James McAlister had two great runs on a dream-like night 40 years ago.
One was a 30-yard gain on UCLA’s first play from scrimmage. The other was a sprint across the Coliseum floor to the locker room following the Bruins’ 20-17 upset of Nebraska, which had come into the game as the top-ranked team in college football.
“I normally walked off the field,” said McAlister, now 61 and the track and field coach at Charter Oak High. “We sat around the locker room thinking, ‘We just beat the No. 1 team in the nation.’ ”
The Cornhuskers, who were two-time defending national champions, came west toting a 32-game unbeaten streak. They left stunned after a loss to Bruins team that had a 2-7-1 record the previous season.
There was plenty of star power in the game, including Nebraska’s Johnny Rodgers, who went on to win the Heisman Trophy that season, and UCLA’s Mark Harmon, who went on to be a two-time Emmy-nominated actor.
In the end, it was a 30-yard field goal by Efren Herrera with 22 seconds left that tilted the college football landscape.
“I remember the focus on the program changed,” said Harmon, who stars in the hit television series “NCIS.” “Sports Illustrated sent Dan Jenkins out to do a story on us.”
And he remembers running like McAlister … after the game.
“I put my chin strap in my pants, because I didn’t want to lose it with all the people on the field,” Harmon said. “By the time I got back to the locker room, I barely had my shoes on.”
It was arguably UCLA’s greatest football victory outside of its rivalry with USC, and memories are flooding back this week as the Bruins prepare to play Nebraska on Saturday at the Rose Bowl.
Nebraska has not won a national title since 1997, but the Cornhuskers are ranked 16th and a win by the Bruins — unranked in 78 weeks — could again earn UCLA some attention.
Veterans from both 1972 teams will be at the Rose Bowl. UCLA players are having a reunion dinner Friday and will be at the game. Rodgers will be there as well, posing for photos with his Heisman Trophy at a Nebraska tailgate function.
“They won’t get us this time,” Rodgers predicted. “We have to win. There are no laurels for us to rest on this time.”
The 1972 game, in a couple of ways, was a harmonic convergence.
Nebraska had not lost since 1969, a streak that started with a victory over a Kansas team coached by Pepper Rodgers. In 1972, Rodgers was in his second year at UCLA. The Cornhuskers’ only blemish during that undefeated span was a 21-21 tie with USC in 1970, a game also played at the Coliseum.
The Cornhuskers were talent-packed, with Rodgers, the Heisman winner, and defensive lineman Rich Glover, who would win the Outland Trophy. The season before, Nebraska had defeated Oklahoma, 35-31, in what was dubbed the “Game of the Century,” then beat Alabama in the Orange Bowl.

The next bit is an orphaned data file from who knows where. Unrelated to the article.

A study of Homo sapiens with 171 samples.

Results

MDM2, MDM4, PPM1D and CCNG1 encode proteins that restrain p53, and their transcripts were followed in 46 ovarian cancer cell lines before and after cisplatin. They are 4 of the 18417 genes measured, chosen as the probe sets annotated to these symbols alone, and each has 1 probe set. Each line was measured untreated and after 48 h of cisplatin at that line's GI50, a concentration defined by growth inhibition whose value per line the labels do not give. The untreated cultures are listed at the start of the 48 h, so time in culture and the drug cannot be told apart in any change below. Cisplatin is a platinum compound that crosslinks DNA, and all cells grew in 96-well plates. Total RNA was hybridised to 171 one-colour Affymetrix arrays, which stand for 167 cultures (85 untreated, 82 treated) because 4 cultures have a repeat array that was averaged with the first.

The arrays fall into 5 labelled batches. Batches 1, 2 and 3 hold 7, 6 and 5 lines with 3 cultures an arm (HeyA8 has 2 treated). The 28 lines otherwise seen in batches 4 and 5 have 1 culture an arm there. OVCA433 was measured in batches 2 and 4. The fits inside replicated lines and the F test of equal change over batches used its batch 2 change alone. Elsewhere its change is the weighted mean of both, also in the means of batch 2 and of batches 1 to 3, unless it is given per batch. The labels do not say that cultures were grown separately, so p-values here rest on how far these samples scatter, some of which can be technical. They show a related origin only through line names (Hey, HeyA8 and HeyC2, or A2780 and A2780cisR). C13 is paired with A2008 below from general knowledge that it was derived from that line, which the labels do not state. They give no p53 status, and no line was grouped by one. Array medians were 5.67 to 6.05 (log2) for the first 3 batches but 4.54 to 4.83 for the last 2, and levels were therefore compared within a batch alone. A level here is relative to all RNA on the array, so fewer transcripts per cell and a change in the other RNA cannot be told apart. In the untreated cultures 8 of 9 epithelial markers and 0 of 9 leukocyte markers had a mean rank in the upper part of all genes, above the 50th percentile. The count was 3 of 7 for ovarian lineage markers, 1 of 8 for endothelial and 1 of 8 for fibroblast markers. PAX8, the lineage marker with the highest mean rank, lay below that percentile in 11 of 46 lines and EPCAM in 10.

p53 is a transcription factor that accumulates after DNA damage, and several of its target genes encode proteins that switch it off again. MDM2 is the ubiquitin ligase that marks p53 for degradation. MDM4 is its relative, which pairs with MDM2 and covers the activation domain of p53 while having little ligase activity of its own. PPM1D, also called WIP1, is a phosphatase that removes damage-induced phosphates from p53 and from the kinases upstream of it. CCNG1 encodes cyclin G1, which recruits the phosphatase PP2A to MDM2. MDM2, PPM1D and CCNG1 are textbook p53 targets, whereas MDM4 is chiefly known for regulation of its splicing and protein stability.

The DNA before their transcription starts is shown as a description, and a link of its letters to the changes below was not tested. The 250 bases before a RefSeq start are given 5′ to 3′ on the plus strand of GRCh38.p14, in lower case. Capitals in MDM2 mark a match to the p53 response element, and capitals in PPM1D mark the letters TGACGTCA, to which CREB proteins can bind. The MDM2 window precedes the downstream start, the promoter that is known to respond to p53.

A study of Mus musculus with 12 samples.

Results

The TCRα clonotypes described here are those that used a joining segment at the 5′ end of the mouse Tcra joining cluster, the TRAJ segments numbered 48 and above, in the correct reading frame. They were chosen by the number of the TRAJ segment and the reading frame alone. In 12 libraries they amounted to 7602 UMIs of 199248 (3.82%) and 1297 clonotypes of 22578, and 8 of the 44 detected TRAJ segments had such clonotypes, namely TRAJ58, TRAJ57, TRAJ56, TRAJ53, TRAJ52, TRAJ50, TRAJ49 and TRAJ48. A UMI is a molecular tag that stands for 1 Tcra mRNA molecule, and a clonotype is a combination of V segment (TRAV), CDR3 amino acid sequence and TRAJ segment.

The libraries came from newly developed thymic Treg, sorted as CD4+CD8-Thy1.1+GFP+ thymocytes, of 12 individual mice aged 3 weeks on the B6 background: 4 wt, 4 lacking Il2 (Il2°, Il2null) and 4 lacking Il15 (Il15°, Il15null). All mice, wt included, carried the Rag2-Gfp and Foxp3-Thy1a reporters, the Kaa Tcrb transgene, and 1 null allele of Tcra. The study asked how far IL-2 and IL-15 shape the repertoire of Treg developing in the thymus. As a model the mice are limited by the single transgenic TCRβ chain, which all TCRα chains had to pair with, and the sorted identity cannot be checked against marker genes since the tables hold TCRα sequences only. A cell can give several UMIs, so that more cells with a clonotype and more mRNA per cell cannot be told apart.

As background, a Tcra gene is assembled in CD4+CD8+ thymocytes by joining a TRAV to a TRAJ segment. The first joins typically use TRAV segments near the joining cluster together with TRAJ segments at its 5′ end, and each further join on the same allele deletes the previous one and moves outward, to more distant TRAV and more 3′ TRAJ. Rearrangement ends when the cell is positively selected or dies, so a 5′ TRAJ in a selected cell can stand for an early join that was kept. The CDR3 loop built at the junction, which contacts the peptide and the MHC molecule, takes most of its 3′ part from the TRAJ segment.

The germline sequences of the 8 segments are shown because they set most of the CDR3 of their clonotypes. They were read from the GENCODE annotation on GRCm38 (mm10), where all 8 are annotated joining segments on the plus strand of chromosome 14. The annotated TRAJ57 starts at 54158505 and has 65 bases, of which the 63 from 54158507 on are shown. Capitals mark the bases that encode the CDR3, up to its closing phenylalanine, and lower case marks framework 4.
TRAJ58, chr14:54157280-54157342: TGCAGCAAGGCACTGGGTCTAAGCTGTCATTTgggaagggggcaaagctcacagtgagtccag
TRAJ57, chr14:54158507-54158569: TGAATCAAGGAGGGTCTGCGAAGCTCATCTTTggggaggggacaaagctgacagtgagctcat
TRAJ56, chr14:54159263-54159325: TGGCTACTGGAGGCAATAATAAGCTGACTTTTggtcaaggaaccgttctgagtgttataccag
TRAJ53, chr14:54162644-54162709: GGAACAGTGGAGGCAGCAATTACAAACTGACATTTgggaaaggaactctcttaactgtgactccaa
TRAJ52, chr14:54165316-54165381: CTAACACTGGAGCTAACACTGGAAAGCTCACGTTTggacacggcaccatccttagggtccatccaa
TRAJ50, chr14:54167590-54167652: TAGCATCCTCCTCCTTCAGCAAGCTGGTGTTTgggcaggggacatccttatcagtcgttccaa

“A few months later, we’re back playing football and we weren’t done celebrating yet,” Rodgers said. “We took UCLA lightly.”
What national power wouldn’t have? The Bruins had won eight games the previous two seasons combined.
There were other factors too.
Rodgers said internal strife played a part. Coach Bob Devaney had announced he was resigning at the end of the season. Tom Osborne, a Cornhuskers assistant, had been chosen as his replacement.
“There were other coaches upset that they didn’t get the job,” Rodgers said.
UCLA already had a new look.
The Bruins had switched to the wishbone, run by Harmon, a transfer from Los Angeles Pierce College. Running backs McAlister and Kermit Johnson, known as “the Blair Pair” from their days starring at Pasadena Blair High, were together for the first time since they played on UCLA’s freshman team. McAlister had sat out the previous season because of irregularities on his entrance test.
UCLA offensive lineman Bruce Walton, the brother of Bill Walton, said Nebraska “expected us to mail it in. That didn’t happen.”
McAlister broke off a long run on the first play and finished with 90 yards rushing. Harmon’s first pass was a 46-yard touchdown to Brad Lyman for a 10-0 UCLA lead. Harmon also ran for 71 yards, including a touchdown that gave UCLA a 17-10 lead.
Rodgers had a 50-yard punt return to set up a field goal but finished with a modest 43 yards rushing and 63 yards receiving. UCLA forced five turnovers.
One play stood out to Harmon. He was tackled by Nebraska defensive back Mark Heydorff, a friend who had played at Glendale College.
“I remember him kneeling on my chest and saying, ‘Where’s your surfboard, California boy,’ ” Harmon said. “I looked at him and said, ‘Aren’t you from Glendale?’ ”
But the Bruins gave even better than they took.
“In so many ways that is what I came to UCLA to do,” said Harmon, whose father, Tom, a Heisman Trophy player at Michigan in 1940, was a television announcer working the game. “You’re 19, you want to be in the tunnel with 90,000 people in the stands, running onto the field with your teammates. When I was a kid running stats at games for my dad, that’s what I dreamed about.”
Harmon, after the postgame chaos, went to take a shower and found his father leaning against the wall.
“Dad was always careful to stay outside the box,” Harmon said. “He never even called me by my name during broadcasts. I was ‘the quarterback.’ ”
But that night, Harmon said, “he looked at me and said, ‘Great game.’ I started crying. He started crying. We reached out and hugged each other.”
Nebraska finished 9-2-1 and ranked fourth after clobbering Notre Dame in the Orange Bowl.
But UCLA, McAlister said, “had started something. You could feel a difference that next week.”
The Bruins finished 8-3 that season, 9-2 the next.
Said McAlister: “That game changed the momentum of things at UCLA.”